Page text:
Date:

Archaeologists find 476,000-year-old wooden structure

Archaeologists from the University of Liverpool and Aberystwyth University have discovered a wooden structure dating from at least 476,000-years-ago, the earliest known example to date.

According to a study published in the journal Nature, the discovery has no other construction parallels from the African or Eurasian Palaeolithic and predates our own species, Home Sapiens.

- Advertisement -

This research forms part of the pioneering ‘Deep Roots of Humanity’ project, an investigation into how human technology developed in the Stone Age.

The team discovered a possible timber platform, evidenced by two interlocking logs joined transversely by a cut nut notch at the Kalambo Falls archaeological site in Zambia.

An analysis of the timbers show evidence of cut-marks made with stone tools, revealing that early humans could shape and craft logs for a deliberate function, rather than being limited to just adapting sticks for weapons and digging. This not only extends the age range of woodworking in Africa, but expands the understanding of the technical cognition of early hominin.

Professor Larry Barham, from the University of Liverpool, said: “This find has changed how I think about our early ancestors. Forget the label ‘Stone Age,’ look at what these people were doing: they made something new, and large, from wood. They used their intelligence, imagination, and skills to create something they’d never seen before, something that had never previously existed.”

- Advertisement -

Also discovered are four wood tools, including a wedge, digging stick, cut log and a notched branch, showing an early diversity of forms and the capacity to shape tree trunks into large combined structures.

“Kalambo Falls is an extraordinary site and a major heritage asset for Zambia. The Deep Roots team is looking forward to more exciting discoveries emerging from its waterlogged sands,” added Professor Barham.

University of Liverpool

https://doi.org/10.1038/s41586-023-06557-9

Header Image Credit : Nature

- Advertisement -
spot_img
Mark Milligan
Mark Milligan
Mark Milligan is multi-award-winning journalist and the Managing Editor at HeritageDaily. His background is in archaeology and computer science, having written over 7,500 articles across several online publications. Mark is a member of the Association of British Science Writers (ABSW), the World Federation of Science Journalists, and in 2023 was the recipient of the British Citizen Award for Education, the BCA Medal of Honour, and the UK Prime Minister's Points of Light Award.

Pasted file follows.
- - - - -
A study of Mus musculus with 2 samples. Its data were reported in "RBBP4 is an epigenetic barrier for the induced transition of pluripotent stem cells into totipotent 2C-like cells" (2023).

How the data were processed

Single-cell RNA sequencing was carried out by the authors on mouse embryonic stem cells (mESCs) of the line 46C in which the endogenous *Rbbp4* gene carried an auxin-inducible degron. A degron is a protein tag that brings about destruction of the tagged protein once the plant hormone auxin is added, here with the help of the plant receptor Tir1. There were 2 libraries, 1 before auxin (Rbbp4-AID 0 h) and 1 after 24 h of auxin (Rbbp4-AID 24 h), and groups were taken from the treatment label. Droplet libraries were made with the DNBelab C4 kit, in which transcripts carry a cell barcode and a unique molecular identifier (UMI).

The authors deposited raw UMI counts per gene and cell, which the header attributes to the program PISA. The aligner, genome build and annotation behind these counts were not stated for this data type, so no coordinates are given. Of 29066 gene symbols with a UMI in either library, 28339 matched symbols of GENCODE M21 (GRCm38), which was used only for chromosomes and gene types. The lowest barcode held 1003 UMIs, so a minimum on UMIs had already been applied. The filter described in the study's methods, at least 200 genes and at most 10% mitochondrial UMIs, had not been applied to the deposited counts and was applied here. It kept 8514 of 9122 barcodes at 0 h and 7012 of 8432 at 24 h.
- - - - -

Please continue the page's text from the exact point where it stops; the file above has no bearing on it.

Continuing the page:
spot_img

Mobile Application

spot_img

Related Articles

Archaeologists use revolutionary GPR robot to explore Viking Age site

Archaeologist from NIKU are using a revolutionary new GPR robot to explore a Viking Age site in Norway’s Sandefjord municipality.

Highway construction delayed following Bronze Age discoveries

Excavations in preparation for the S1 Expressway have delayed road construction following the discovery of two Bronze Age settlements.

Archaeologists uncover possible phallus carving at Roman Vindolanda

Excavations at the Roman fort of Vindolanda have uncovered a possible phallus carving near Hadrian’s Wall.

Carbonised Herculaneum papyrus reveals burial place of Plato

An analysis of carbonised papyrus from the Roman town of Herculaneum has revealed the burial place of Plato.

Sealed 18th century glass bottles discovered at George Washington’s Mount Vernon

As part of a $40 million Mansion Revitalisation Project, archaeologists have discovered two sealed 18th century glass bottles at George Washington's Mount Vernon.

Study suggests human occupation in Patagonia prior to the Younger Dryas period

Archaeologists have conducted a study of lithic material from the Pilauco and Los Notros sites in north-western Patagonia, revealing evidence of human occupation in the region prior to the Younger Dryas period.

Fort excavation uncovers Roman sculpture

Archaeologists excavating Stuttgart’s Roman fort have uncovered a statue depicting a Roman god.

The history of the Oak Island Money Pit

Oak Island, located in Mahone Bay, Nova Scotia, is a small 140-acre island which has been the subject of an ongoing treasure hunt since 1795.